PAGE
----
US Arrests Suspected Cuban Bomber

The case of Luis Posada Carriles mixes Florida politics with the following question: Is the Bush administration harboring a terrorist?

Accused Cuban Bomber Arrested by US (Reuters)

US immigrations officials on Tuesday arrested a Cuban exile accused of bombing a Cuban airliner nearly 30 years ago and wanted by Venezuela.

“Today, US Immigration and Customs Enforcement took Mr Luis Posada Carriles (pictured) into custody, pending review of his immigration status,†said a Homeland Security statement. It said the Department of Homeland Security had 48 hours to make an official determination of his immigration status.

Venezuela has asked the Bush administration to deport Mr Posada to face trial for the 1976 bombing of a Cuban plane that killed 73 people.

Earlier, 1m Cubans marched in Havana demanding Washington extradite Mr Posada, who slipped into the US two months ago from Mexico.

Mr Posada denied in a Miami Herald interview any involvement in the plane bombing.

The presence in the United States of Mr Posada, a former CIA collaborator and longtime anti-communist activist, has presented US authorities with the dilemma of how to reconcile its sympathy for politically influential Cuban exiles with Washington̢۪s firm stance against terrorism suspects after the September 11,2001, attacks on the United States.

But it isn’t simply about Cuban American influence and the War on Terror. For quite some time now, the US has taken an adversarial stance against Venezuela, partly because Hugo Chavez has aligned himself with Fidel Castro. The Department of Homeland Security would hate to give the impression of acquiescence, as the Associated Press notes:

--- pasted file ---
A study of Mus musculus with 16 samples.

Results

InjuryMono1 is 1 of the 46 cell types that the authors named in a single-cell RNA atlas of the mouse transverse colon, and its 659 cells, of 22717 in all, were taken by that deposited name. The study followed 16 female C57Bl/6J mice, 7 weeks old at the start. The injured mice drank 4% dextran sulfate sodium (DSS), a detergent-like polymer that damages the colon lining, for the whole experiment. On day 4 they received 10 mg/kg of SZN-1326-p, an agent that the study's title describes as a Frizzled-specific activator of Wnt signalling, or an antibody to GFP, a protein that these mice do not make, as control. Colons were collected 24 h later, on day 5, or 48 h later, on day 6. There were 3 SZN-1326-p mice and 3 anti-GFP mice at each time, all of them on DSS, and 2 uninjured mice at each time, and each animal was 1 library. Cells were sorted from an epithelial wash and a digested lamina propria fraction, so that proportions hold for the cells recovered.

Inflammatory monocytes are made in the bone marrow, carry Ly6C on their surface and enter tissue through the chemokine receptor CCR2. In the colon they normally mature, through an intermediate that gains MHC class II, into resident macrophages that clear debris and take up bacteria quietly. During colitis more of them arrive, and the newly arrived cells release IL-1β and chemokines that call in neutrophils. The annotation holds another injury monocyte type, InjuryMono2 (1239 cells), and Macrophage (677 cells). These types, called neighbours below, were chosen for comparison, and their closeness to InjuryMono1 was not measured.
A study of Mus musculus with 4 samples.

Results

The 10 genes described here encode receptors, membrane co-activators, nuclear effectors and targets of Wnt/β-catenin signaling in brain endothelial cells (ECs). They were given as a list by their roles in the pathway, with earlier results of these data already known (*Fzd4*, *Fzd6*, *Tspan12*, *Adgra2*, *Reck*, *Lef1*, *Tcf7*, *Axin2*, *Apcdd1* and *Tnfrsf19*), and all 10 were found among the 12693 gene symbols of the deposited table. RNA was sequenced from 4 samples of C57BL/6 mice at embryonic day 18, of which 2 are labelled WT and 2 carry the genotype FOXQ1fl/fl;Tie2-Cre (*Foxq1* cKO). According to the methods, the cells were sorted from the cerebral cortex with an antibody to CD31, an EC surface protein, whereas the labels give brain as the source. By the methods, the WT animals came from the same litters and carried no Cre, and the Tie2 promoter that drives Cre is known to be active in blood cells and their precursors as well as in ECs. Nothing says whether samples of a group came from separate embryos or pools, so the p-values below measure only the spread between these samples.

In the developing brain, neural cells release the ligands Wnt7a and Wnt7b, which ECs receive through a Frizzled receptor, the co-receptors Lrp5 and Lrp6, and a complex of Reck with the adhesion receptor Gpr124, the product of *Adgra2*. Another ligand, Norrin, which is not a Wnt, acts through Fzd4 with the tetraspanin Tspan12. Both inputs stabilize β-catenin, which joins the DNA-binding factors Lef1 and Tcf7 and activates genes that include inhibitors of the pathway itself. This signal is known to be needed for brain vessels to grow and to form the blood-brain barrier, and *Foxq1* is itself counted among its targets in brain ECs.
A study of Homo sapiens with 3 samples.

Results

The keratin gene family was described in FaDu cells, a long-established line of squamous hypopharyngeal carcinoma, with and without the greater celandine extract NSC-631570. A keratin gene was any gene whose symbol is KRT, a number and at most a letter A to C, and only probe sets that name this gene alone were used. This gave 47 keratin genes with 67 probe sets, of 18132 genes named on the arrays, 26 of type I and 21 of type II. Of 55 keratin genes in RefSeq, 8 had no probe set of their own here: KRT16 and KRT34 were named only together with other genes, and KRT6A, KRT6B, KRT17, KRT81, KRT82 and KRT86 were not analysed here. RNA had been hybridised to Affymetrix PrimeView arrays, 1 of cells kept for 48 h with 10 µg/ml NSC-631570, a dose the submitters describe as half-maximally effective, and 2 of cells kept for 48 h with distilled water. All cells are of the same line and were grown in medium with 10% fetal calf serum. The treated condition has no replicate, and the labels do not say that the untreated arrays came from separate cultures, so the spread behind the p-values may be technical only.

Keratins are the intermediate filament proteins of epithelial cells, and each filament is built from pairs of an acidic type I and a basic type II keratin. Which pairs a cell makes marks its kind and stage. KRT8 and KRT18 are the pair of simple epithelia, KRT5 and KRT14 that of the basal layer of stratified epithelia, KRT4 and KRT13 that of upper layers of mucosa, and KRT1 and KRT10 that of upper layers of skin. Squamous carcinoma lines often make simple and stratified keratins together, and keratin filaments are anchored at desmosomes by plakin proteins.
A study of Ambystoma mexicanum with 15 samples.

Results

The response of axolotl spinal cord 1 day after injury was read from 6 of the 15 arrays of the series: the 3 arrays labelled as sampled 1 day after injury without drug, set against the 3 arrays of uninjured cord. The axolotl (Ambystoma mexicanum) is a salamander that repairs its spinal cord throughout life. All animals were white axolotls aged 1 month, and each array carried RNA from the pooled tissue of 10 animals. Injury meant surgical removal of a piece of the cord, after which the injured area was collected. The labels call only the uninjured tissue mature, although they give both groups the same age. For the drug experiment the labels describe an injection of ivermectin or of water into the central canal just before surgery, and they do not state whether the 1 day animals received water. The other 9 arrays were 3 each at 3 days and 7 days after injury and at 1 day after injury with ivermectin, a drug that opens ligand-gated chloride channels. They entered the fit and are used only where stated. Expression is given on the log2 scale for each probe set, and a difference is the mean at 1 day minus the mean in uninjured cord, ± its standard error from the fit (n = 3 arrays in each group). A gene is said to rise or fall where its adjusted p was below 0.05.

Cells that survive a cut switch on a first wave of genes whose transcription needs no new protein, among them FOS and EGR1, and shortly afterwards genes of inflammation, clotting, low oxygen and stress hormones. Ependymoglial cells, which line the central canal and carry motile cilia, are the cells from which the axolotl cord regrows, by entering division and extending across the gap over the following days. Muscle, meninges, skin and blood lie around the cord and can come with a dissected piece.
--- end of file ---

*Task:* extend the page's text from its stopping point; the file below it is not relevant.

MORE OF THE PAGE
U.S. Detains Cuban Linked to 1976 Bombing

The department did not say what it planned to do with Posada, who is wanted by Venezuela and Cuba. But it said that generally, the U.S. government does not return people to Cuba or to countries acting on Cuba’s behalf. The department said it has 48 hours to determine his immigration status.

The administration has another option — one that does not appear in these reports but is mentioned in an op-ed by Peter Kornbluh and Julia E. Sweig (emphasis added):

Will U.S. Harbor Terrorist?

But with the credibility of the war on terrorism and the safety of U.S. citizens at stake, the United States has no other choice but to deport him to Venezuela or turn him over to an international tribunal in Europe. The evidence, contained in voluminous FBI and CIA files, of Mr. Posada’s unrelenting passion for violence is overwhelming and more than sufficient to reject his application for political asylum.

Read the entire piece for a laundry list of Posada’s misdeeds, as well as a summary of Bush Sr.’s previous actions.

About Robert Garcia Tagorda
Robert blogged prolifically at OTB from November 2004 to August 2005, when career demands took him in a different direction. He graduated summa cum laude from Claremont McKenna College with a Bachelor of Arts in Philosophy, Politics, and Economics and earned his Master in Public Policy from Harvard's Kennedy School of Government.


  1. ozzippit says:

    Let’s see if Fidel will swap Elian Gonzales for the bomber.